Supply chain attacks — targeting weak points in organizations multiple degrees separated from your business — are on the rise. Do you have the cybersecurity support needed to keep you and your business safe?
All you hear about these days is ransomware, phishing, run of the mill malware, etc. With incidents like WannaCry dominating the cybersecurity headlines, it’s easy to get caught up and assume that it’s those types of threats that are the most dangerous and the most prevalent, and the main point of concern when it comes to your cybersecurity support.
In reality, that’s not the case.
One of the most threatening and dangerous trends in cybercrime is the supply chain attack. By penetrating a weak point that isn’t directly a part of the target business, cybercriminals can easily gain access to sensitive data and finances.
Just think about it – when it comes to you and your cybersecurity solutions, they only extend as far as your business does, right? It’s not your purview or your duty to inquire and guarantee the cybersecurity of the vendors that you deal with, right? That’s the foundation of supply chain attacks – whereas the target organization may have top-of-the-line, bleeding-edge cybersecurity defenses, a supplier two or three links down the chain from them doesn’t.
That said, ransomware and phishing are still scary, and can cause a lot of damage – but when compared to the scale of supply chain attacks? They’re barely a drop in the bucket. Ransomware and other small cybercrime tactics won’t be going away anytime soon, but that doesn’t mean you shouldn’t be aware of the much larger threats looming in the distance.
IT Vendor Supply Chain
When a hardware or software vendor is hit, it affects thousands, at the very least – that’s why the right cybersecurity support is so important. Keep these examples in mind when you evaluate how much blind trust you should be putting in your IT vendors:
- One of the most prevalent hackers in the world has noted that Flash is the easiest way into any operating system, calling it the “root of browser insecurity”
- In 2010, Dell shipped thousands of infected server motherboards to suppliers, and in the end, blamed it on “human error”.
- Similarly, Adobe sent their Enterprise Customers using Proliant Servers USB keys that turned out to be infected with FakeCry and SillyFDC viruses. The USB keys were meant to install floppy disk drivers but arrived with something much more dangerous. Adobe told users that any up-to-date cybersecurity solution should be able to handle them.
- As of 2009, Wal-Mart sold potentially millions of smart picture frames with embedded malware, affecting any user that linked the picture frame to another device.
Web Supply Chain Attacks
These types of supply chain attacks are arguably even more dangerous because of how many consumers they really affect. All it takes is for someone to visit a site to be affected, as compared to IT Vendor Supply Chain Attacks, which generally involve a purchased product. The bottom line is that malvertizing and similar supply chain attacks like this are an attack against all users, which is why expert cybersecurity support is so vital.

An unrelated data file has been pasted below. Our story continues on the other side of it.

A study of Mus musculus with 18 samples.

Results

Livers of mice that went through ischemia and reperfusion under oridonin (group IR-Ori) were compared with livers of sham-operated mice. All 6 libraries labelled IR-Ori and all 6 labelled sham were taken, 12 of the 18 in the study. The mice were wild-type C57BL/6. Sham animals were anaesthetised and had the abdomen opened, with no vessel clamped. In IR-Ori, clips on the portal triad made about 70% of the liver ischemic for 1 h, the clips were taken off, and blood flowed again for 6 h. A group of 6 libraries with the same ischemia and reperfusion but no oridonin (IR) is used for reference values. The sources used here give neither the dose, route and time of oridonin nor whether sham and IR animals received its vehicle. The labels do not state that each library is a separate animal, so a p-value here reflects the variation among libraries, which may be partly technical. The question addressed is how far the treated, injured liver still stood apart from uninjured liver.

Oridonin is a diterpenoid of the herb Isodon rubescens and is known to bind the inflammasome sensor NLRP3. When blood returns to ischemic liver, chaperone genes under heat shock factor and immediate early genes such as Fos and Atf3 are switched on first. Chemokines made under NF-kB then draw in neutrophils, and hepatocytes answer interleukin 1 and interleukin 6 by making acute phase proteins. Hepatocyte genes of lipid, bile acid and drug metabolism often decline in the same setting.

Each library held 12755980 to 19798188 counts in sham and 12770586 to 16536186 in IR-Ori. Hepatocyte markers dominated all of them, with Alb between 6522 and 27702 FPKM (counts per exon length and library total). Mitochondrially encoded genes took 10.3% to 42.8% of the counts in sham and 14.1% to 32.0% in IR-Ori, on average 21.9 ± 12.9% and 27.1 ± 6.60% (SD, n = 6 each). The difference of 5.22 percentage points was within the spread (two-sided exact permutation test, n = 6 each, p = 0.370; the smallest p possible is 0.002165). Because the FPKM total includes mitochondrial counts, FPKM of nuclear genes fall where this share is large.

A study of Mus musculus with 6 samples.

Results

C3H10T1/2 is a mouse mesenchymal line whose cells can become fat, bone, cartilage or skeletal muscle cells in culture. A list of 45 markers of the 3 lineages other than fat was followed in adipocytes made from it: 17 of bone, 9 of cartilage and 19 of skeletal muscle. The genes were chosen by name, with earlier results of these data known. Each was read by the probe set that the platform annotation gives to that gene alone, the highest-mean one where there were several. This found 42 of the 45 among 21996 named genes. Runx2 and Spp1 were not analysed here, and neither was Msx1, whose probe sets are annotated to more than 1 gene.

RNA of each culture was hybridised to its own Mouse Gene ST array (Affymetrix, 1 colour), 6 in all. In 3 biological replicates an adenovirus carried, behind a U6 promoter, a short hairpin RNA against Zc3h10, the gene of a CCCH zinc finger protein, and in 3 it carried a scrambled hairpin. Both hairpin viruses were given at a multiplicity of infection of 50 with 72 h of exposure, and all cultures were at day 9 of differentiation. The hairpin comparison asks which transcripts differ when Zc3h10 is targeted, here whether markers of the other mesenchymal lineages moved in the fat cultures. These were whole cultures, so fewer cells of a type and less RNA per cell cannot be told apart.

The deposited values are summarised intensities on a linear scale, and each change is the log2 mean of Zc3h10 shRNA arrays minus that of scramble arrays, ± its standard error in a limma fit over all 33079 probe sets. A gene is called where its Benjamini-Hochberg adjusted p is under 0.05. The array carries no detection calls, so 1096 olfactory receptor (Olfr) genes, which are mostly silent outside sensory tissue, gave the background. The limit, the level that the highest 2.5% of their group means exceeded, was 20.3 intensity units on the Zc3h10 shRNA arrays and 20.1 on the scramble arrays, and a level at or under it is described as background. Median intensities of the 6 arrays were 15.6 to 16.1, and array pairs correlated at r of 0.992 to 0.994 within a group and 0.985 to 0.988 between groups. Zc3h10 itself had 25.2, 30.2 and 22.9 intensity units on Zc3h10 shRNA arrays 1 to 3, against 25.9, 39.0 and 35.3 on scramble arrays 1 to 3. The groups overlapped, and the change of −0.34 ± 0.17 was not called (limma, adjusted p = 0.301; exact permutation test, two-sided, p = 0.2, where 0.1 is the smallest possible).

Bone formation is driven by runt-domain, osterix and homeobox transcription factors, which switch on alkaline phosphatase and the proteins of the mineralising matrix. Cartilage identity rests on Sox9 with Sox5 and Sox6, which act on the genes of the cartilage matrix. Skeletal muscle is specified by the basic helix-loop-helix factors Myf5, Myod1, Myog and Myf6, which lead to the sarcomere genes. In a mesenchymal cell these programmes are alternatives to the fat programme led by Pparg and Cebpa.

So many companies have failed — and continue to fail — to pay attention to the threats their own websites pose to consumers. Back in 2008, American Express’ website had XSS flaws, not once, but twice in under six months.
Furthermore, if 2008 seems too long ago to take seriously, then how about Equifax’s recent discovery of malicious code on a website run by one of their third-party vendors? Equifax was adamant that they have not been the subject of another cyber-attack; thanks to their attention to cybersecurity, their systems weren’t compromised again.
In response to their discovery, Equifax took the website offline just to be safe – they would obviously rather not take any risks again so soon after their major data breach from not too long ago.
So what can be done? Fortunately, not everyone has their head in the sand when it comes to supply chain attacks.
The biggest companies in the world — Google, Apple, etc. — and large financial institutions — Morgan Stanley, Goldman Sachs, etc. — have the means to do their due diligence. They can invest in guaranteeing the security of the vendors they work with. They have the means to actually test the products that they buy for backdoors and compromised hardware before they deploy them and get them in the hands of customers – but what about the other 99.9% of organizations that don’t, won’t, or can’t test components?
This is the core of why expert and informed cybersecurity support for your business is so important. With the Brainlink team of experts on your side, we can help you mitigate the risks that your supply chain may pose to your business. The fact is that we’ve been paying attention this trend for years – put that experience and knowledge to work keeping you and your business safe today.
Click Here to review Raj Goel’s presentation on “Trends In Financial Crime.”